Clean your showerhead with or without removing it, using household ingredients that remove mold, mildew, mineral deposits, and hard limescale.
It seems like your showerhead ought to be self-cleaning, but it’s not. All that water coursing through it carries calcium and minerals, especially if you live in a hard water area, and those can build up in the nozzles. Your showerhead also provides a warm, damp area between uses — the perfect breeding spot for mold.
How Often Do Showerheads Need Cleaning?
In most cases, you only need to deep clean your showerhead once or twice a year. Sometimes, in humid environments or areas with hard water, you may need to do it more often if you see visible signs of pink or orange slime around the nozzles or mineral deposits, including a gray, green, or white crust which may block the nozzles or cause water to spray in a different direction than it should.
You can extend the time to deep clean your showerhead by misting it with a homemade daily shower cleaning spray which prevents both mildew and mineral deposits.
Steps to Clean Your Showerhead
Time required: 30 minutes
If it’s been a while since you last cleaned your showerhead, or if you’ve never cleaned it at all, this method will get rid of buildup and get your showerhead working like new.
Materials and Supplies You’ll Need
- Deep bowl
- Baking Soda
- White vinegar
- An old toothbrush or soft brush
- Dry rags
- Tweezers (optional)
- Wrench (optional)
Step 1. Remove the showerhead.
Unscrew your showerhead by hand. If you need to use a wrench, cover the jaws with a rag to protect your showerhead from damage. Shake excess water from your showerhead once it’s off.
If you can’t get your showerhead off the pipe or don’t want to try, you can clean it in place by slipping a plastic bag filled with vinegar over it. Fasten the bag to the shower arm with a rubber band. Let this sit for an hour, remove the bag, and insert a toothpick or safety pin into the head’s nozzles to remove any debris. Finish by wiping the showerhead with a rag, and run the water to rinse away any residue.
Step 2. Remove the filter screen
Locate the filter screen at the end of the showerhead where it attaches to the pipe. Use tweezers gently to remove this. Rinse both sides of the screen under running water to dislodge debris and remove sediment, then set it aside to dry.
Step 3. Apply baking soda
Sprinkle your showerhead inside and out with baking soda then scrub it with an old toothbrush dipped in water. Do not rinse the showerhead yet.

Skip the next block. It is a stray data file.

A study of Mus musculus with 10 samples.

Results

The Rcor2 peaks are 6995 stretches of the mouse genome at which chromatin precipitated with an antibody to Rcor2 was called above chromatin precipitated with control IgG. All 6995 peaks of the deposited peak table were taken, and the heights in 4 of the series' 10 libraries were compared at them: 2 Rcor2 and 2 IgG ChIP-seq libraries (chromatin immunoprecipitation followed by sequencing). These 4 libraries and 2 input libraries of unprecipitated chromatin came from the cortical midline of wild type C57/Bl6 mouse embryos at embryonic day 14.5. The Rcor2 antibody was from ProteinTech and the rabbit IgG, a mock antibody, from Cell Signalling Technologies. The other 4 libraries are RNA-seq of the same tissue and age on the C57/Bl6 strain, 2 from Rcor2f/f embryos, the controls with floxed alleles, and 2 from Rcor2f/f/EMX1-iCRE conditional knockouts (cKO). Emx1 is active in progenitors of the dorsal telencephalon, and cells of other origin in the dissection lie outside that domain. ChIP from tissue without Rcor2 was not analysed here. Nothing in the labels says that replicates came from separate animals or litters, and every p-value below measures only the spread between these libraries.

Step 4. Soak
Fill a deep bowl with 2 inches of vinegar then add your showerhead and let it soak for 20-30 minutes. It will fizz as the baking soda residue reacts with the vinegar. This action dislodges more buildup. Do not exceed the recommended soaking time.
Step 5. Scrub and Rinse
Use the toothbrush to scrub the showerhead again then rinse it with hot water inside and out. Repeat the previous step to remove stubborn limescale deposits that remain after rinsing.
Step 6. Reassemble
Once your showerhead is clean, let it completely air dry then reinstall the filter screen. Reattach the showerhead to the pipe.
Tips and Troubleshooting
• You can clean hand-held shower sprayers and their hoses in a large sink or bathtub. Submerge the sprayer and hose in vinegar for at least an hour, then rinse well, shake out excess water, and let it completely dry overnight.
• Never use chlorine bleach on your showerhead since it can damage the gasket and filter screen. Bleach can also permanently discolor some metals like brass and stainless steel.
• Run your bathroom fan and open windows when cleaning your showerhead. Many types of bacteria that collect in dirty showerheads pose health risks that can lead to respiratory problems and skin rashes. Using good ventilation reduces their risk.
• Always rinse your showerhead thoroughly with water after cleaning it with vinegar. It is okay to soak most showerheads in vinegar for the time recommended, provided you rinse it thoroughly.
• If your showerhead drips where it attaches to the shower pipe, wrap the pipe’s threads three or four times with Teflon plumber’s tape to stop the drip.